Big rise in volunteers for medical trials
The number of patients taking part in clinical trials in England has trebled in five years.
Figures from the National Institute of Health Research (NIHR) show almost 638,000 patients volunteered last year.
The rise may surprise some, given the publicity associated with a drug trial at a private research unit at London's Northwick Park hospital in 2006.
That trial - of a potential new drug for arthritis - left six volunteers dangerously ill.
A similar increase in volunteers has occurred elsewhere in the UK.
Although many people associate medical trials with healthy volunteers, the vast majority who take part in research are NHS patients testing treatments for their condition.
The chief medical officer, Prof Dame Sally Davies, said she was delighted NHS patients realised the benefits of participation and said they played a vital role in developing treatments.
The increase follows the establishment of the NIHR in 2006. Its remit is to "improve the health and wealth of the nation through research". The organisation, funded by the Department of Health, has increased the amount of patient-focused health research.
Dame Sally said: "We put between 15-20% patients into trials in cancer compared to 2-3% in the United States, so clearly we've managed to get through to the public to explain the advantages of joining clinical research, and the altruistic side of what they are doing for the people that follow them.
"The doctors and patients have properly funded expert support in the clinic - to help patients understand the meaning of taking part in research, their right to opt out if they do consent - and to help them and hold their hands as they go through the research."
The NIHR has launched a campaign - OK to Ask - to encourage patients to raise the subject of clinical research rather than the first approach coming from a clinician. Despite the huge increase in patient numbers on trials, a consumer poll by the NIHR Clinical Research Network found only 6% of those questioned said the public were well-informed about clinical research in the NHS.
Dame Sally also paid tribute to healthy volunteers who tested new treatments. Early trials of medicines are often tested this way.
In 2006, six men were treated for multi-organ failure in intensive care after testing a new drug in a private research facility at Northwick Park hospital in north-west London. The trial was a "first-in-man" study of a new immunotherapy for leukaemia and rheumatoid arthritis.
The volunteers were injected at intervals of just a few minutes and suffered multi-organ failure. They eventually recovered but have been left with permanent damage to their immune system and other health problems.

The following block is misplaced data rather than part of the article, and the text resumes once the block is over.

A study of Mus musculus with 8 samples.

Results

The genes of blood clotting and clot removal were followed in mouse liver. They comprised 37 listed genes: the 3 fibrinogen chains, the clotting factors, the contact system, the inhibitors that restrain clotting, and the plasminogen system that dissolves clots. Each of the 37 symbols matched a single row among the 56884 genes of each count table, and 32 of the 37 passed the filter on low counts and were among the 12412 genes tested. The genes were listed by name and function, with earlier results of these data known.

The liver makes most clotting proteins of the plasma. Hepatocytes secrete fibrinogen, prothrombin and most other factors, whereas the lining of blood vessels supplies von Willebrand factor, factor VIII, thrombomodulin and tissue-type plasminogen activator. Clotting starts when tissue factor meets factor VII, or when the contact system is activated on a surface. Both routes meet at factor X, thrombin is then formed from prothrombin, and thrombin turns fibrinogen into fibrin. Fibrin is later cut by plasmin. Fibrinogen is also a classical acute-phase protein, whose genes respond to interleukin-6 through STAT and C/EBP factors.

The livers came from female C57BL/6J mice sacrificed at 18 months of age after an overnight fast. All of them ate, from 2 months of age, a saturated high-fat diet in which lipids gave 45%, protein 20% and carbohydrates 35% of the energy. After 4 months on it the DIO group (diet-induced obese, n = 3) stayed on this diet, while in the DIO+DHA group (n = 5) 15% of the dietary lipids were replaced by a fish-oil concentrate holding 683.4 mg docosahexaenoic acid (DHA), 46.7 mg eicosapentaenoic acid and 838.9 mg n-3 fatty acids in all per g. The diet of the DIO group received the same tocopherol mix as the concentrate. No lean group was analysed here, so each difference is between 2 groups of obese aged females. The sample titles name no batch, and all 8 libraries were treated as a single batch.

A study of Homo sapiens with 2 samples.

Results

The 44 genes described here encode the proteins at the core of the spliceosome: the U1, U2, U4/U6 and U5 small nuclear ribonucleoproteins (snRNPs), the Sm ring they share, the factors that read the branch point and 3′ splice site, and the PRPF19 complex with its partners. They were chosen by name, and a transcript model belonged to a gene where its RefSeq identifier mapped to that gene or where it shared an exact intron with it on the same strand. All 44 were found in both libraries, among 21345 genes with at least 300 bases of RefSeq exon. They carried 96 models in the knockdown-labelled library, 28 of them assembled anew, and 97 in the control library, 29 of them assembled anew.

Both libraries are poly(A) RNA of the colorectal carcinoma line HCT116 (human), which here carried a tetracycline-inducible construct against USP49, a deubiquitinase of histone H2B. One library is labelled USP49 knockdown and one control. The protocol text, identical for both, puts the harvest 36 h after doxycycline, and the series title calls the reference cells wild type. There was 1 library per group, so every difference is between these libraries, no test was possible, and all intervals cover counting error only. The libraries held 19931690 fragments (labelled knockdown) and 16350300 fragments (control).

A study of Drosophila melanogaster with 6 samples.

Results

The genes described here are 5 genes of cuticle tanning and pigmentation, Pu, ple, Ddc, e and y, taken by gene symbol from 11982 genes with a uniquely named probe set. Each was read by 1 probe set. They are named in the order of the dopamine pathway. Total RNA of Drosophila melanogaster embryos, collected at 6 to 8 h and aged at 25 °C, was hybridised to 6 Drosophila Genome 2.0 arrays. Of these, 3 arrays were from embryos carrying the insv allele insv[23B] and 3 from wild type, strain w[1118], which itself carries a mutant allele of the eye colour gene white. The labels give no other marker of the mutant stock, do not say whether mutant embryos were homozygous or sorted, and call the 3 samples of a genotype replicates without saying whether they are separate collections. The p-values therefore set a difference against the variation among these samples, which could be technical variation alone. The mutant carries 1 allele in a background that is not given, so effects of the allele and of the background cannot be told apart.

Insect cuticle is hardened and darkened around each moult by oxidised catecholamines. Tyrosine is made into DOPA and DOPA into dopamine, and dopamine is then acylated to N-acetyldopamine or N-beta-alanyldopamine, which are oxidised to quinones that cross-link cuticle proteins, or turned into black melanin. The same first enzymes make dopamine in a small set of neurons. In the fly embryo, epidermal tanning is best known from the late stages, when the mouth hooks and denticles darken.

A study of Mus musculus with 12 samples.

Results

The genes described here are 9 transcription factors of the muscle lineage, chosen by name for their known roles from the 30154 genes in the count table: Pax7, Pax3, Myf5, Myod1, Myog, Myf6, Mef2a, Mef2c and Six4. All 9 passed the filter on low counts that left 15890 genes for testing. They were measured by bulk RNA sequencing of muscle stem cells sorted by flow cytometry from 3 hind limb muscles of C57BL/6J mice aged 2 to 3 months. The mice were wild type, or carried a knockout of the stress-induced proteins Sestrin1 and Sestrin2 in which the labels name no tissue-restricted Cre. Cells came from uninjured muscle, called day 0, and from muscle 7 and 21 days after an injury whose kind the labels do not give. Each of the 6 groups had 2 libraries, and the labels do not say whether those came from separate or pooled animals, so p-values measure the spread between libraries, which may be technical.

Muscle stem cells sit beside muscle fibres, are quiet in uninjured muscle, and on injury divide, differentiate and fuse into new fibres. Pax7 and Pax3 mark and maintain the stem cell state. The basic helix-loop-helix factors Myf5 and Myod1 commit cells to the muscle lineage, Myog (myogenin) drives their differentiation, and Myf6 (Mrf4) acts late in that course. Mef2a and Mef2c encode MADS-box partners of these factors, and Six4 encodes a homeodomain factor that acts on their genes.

The trial had been approved by the MHRA (Medicines and Healthcare Products Regulatory Agency). A subsequent inquiry recommended stricter controls concerning treatments that are being tested in humans for the first time.
There are no exact figures for the number of healthy volunteers on trials, as opposed to patients receiving treatment, but it is widely thought that the numbers rose after the publicity surrounding the Northwick Park incident.
"People are usually quite shocked when they hear I'm involved in trials and assume it's high risk, but if you read the literature you know that it's very safe," said Gary Bartlett, an accountant from Oxford.
He is among nearly 150 volunteers who have been part of a three-year Oxford University trial of a new vaccine against typhoid, funded by the Wellcome Trust. The trial also involved what's known as a "typhoid challenge" where volunteers drink a beaker containing typhoid bacteria to test whether the vaccine prevents the bugs from causing the disease.
Gary developed mild typhoid fever which gave him a flu-like illness and headache. It was treated with antibiotics and did not put him off taking part.
"These trials are so well monitored that you feel well-looked after all the way. You get a couple of days off work - no-one can argue with you if you have typhoid. I also did a trial in London where I contracted malaria but that too was no problem."
Over three years, volunteers on the Oxford trial could earn £3,000. But that involved dozens of visits to the Churchill Hospital and repeated blood tests.
Although the money is welcome, the volunteers I first met 18 months ago seemed motivated more by altruism and an interest in medical research.
"The idea of helping to save lives in countries where typhoid is still a major killer gives you a warm feeling inside," said Mr Bartlett.
Another of the volunteers was Amy Letts, an artist and designer from Oxford. She told me: " They can't test typhoid on animals because it only affects humans. It's a horrible disease so it would be wonderful to get a better vaccine."
Sanitation and a clean water supply helped rid the disease from the developed world. But billions of people in poorer countries are still at risk and it is estimated to claim between 200,000-600,000 lives a year.
Testing the vaccine in Oxfordshire might sound odd, but it means clinicians can control the circumstances in which volunteers are given typhoid. To conduct the same trial in Nepal, one of the countries worst affected by typhoid, would require thousands of volunteers.
Andrew Pollard, professor of paediatric infection at the University of Oxford, paid tribute to the volunteers on his trial at the NIHR Oxford Biomedical Research Centre:
"We are trying to develop life-saving vaccines, and that means preventing children dying, especially in the developing world. Volunteers who come forward are saving the lives of children if they help us to develop these new vaccines."
The preliminary results of the typhoid trial are promising but larger trials are needed if it is to ever become a licensed vaccine. From start to finish, the whole process of creating a new vaccine or drug treatment can take 15-20 years and involve thousands of clinical trial volunteers.